Exciting three-year milestone for Iqaluit International Airport
August 14, 2020
Three years ago this week, a bright red, state-of-the-art facility opened its doors to provide critical services to Canada’s most northern communities for many years to come.
On August 9, 2017, the new terminal building at Iqaluit International Airport (YFB) opened to the public. Since that day, YFB has been operating smoothly, meeting a high standard of service delivery, earning positive repute among the international airline community and helping Iqaluit evolve as a transportation hub for the territory of Nunavut.
Iqaluit International Airport represents the first major project for Winnipeg Airport Services Corp. (WASCO), a subsidiary of Winnipeg Airports Authority, dating back to when construction first began on the new terminal in 2014. Awarded by the Government of Nunavut, this first-of-its-kind, 30-year Private-Public Partnership agreement to build, design, operate and maintain the airport involves WASCO, Arctic Infrastructure Partners and Nunavut Airport Services Limited (NASL) —a wholly owned subsidiary of WASCO.
From staffing fire fighters to trades workers, all 38 staff members operating the airport are part of NASL. All but one employee resides in the community of Iqaluit, which is by design to ensure team members are available when needed in case conditions change at the airport.
In the event of inclement weather, cold winds can trigger alarms within the sophisticated facility signaling a door is not properly closed. The modern facility requires a lot of attention, as does the environment.
“We only have one runway and so we have to make sure that it is serviceable 24/7,” said Pierre Payette, Service Director for NASL.
Part of maintaining the runway also includes making sure wildlife is under control to provide a safe landing environment. From massive arctic hare to your usual fox, the team monitors the airfield for any animals, especially during peak bird migration periods.
With more than 172,000 passengers moving through YFB in 2019, the airport plays a valuable role in connecting people. From those living in remote communities to local residents, YFB also sees many essential workers come and go, such as healthcare professionals or construction crews.
While some construction companies arrive by a private jet, the hub for commercial service to Iqaluit is based out of Ottawa. Service out of Montreal has been temporarily interrupted amid COVID-19. Another hub for medical needs in and out of Iqaluit is Winnipeg Richardson International Airport. Then, there’s the critical cargo component. Northern residents rely on air cargo to deliver their essentials for life, like food and clothing, especially since goods can’t arrive via boat during the winter when the sea is frozen.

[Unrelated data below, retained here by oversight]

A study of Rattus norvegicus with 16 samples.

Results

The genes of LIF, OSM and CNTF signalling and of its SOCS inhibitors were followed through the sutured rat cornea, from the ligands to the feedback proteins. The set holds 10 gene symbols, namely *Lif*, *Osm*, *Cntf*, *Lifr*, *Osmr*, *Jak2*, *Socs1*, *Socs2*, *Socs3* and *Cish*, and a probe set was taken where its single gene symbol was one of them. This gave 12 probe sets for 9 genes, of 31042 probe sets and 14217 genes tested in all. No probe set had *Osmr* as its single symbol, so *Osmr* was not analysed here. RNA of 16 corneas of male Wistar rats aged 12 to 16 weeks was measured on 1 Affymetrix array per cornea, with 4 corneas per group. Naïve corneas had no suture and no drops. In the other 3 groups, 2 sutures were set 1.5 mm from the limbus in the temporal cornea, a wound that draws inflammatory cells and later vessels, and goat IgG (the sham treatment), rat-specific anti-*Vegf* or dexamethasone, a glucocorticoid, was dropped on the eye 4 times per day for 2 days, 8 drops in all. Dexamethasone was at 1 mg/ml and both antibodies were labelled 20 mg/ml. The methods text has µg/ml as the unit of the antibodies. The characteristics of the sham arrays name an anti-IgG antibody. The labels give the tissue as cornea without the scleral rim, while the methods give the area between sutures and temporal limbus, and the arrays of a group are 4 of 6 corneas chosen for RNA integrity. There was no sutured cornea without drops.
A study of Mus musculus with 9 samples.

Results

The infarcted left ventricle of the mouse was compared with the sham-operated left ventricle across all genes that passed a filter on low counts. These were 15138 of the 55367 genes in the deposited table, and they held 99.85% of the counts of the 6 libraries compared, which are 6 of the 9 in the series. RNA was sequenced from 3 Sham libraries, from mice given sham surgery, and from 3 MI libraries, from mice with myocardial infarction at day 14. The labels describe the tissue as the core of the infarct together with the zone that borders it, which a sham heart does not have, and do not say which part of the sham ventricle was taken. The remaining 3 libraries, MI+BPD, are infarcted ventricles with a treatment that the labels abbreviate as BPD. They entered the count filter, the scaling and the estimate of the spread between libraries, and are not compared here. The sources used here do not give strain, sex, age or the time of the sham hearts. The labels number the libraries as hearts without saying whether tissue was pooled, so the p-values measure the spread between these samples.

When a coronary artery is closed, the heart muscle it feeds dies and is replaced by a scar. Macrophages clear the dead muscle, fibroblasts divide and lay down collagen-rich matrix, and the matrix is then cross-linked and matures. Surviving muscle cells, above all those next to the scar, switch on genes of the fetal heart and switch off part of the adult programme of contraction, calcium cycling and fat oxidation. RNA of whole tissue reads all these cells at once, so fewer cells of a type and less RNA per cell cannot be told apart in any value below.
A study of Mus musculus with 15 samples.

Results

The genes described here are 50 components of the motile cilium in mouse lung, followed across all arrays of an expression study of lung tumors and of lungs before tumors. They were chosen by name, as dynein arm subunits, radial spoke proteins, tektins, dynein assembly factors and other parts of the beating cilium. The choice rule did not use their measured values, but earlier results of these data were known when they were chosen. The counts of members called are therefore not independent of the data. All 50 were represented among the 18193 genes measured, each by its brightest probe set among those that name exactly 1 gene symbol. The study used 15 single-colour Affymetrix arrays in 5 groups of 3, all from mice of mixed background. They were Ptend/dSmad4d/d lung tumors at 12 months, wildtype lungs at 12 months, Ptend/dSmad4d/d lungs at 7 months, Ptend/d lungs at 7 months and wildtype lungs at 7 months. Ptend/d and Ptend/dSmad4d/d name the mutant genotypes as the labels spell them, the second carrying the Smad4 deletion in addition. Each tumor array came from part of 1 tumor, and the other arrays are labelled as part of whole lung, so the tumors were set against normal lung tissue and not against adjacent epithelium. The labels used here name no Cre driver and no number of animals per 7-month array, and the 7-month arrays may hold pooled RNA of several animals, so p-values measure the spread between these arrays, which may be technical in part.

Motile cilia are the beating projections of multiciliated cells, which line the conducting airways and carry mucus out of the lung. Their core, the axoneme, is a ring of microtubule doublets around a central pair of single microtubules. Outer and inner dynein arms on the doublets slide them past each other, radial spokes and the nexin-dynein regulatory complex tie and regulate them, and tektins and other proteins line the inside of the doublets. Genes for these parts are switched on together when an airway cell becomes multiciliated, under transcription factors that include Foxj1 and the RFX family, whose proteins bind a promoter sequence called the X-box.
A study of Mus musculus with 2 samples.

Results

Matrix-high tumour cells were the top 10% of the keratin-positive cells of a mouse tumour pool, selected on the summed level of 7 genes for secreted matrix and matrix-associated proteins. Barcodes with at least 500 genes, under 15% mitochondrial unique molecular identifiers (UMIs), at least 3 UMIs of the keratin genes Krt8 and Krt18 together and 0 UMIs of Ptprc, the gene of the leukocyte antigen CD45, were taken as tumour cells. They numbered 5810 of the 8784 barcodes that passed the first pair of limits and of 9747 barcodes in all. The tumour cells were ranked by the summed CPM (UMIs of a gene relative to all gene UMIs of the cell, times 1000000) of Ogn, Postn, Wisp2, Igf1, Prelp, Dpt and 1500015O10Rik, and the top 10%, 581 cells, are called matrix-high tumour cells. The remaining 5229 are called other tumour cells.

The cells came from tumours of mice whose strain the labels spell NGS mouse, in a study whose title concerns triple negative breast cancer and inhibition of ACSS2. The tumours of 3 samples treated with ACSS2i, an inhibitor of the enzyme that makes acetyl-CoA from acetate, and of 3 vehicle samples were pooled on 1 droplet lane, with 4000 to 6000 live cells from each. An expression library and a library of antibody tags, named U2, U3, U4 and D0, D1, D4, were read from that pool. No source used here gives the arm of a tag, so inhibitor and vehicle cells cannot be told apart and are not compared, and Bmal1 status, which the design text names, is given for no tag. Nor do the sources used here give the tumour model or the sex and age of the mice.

“The airport is the lifeline not only to Iqaluit but to all the hamlets,” said Payette. “It is the hub for all of the freight, food and now there are some ships coming in but the ship season is very short from mid-July to mid-October.”
At this time, as we reflect on the terminal’s third birthday, the team is working diligently to help protect the community from COVID-19. While Nunavut has not had any cases yet, airport staff and partners are working closely with public health authorities and the Government of Nunavut to keep it that way. Cleaning practices have been heightened, briefings regarding self-isolation protocols are being delivered by public health officials, a 14-day self-isolation period is required prior to travel and physical distancing is being carried out in all areas thanks to the spacious facility.
With additional signage up in the airport to help ensure best practices, all written materials must be shared in four languages: English, French, Inuktitut and Syllabics. The commitment to service delivery at YFB is heightened by the fact that all of the employees living in the area know how crucial their role to ensuring the livelihood of their families and neighbours.
International Airline Community
It’s not uncommon to see a large, wide-body airplane bound for an international destination touch down in Iqaluit. The flight paths overhead of the region are extremely busy with air traffic due to the effectiveness of flying using the polar routes. Polar routes support large international airline carriers in reaching their destinations faster and by using less fuel, which is why many cross-continental flights will take this path.
“It really has to do with the polar routes so flying over the top versus flying around,” said Mike O’Gorman, Managing Director for WASCO. “These airlines that fly over the top require alternate airports to be available just in case there is an emergency.”
If for any reason an aircraft needs to touch down during flight, be it for medical needs or a mechanical check, Iqaluit International Airport proudly accommodates them. In some cases, this has meant the entire community coming together to shelter more than 200 passengers who needed to stay overnight until the flight could resume to its intended destination. The new terminal helps YFB leave a strong impression with these airlines as there is room for them at the gate, efficient security processes and a willingness to help ensure safe voyages onward.
Prior to COVID-19, YFB saw a 7 per cent jump in passenger traffic over the previous year and continues to see the cargo sector grow to support the region. The new facility was designed with the future in mind and has plenty of room to accommodate long term growth over the next couple decades. Even despite the pandemic, the airport is still seeing steady landings day and night as air traffic is truly an vital service in Canada’s north.
“We are the lifeline of the community and of Nunavut the territory so the expectations are very high because people depend on us,” said Payette. “There is no road service, we are an island and all the hamlets are very isolated so we must perform.”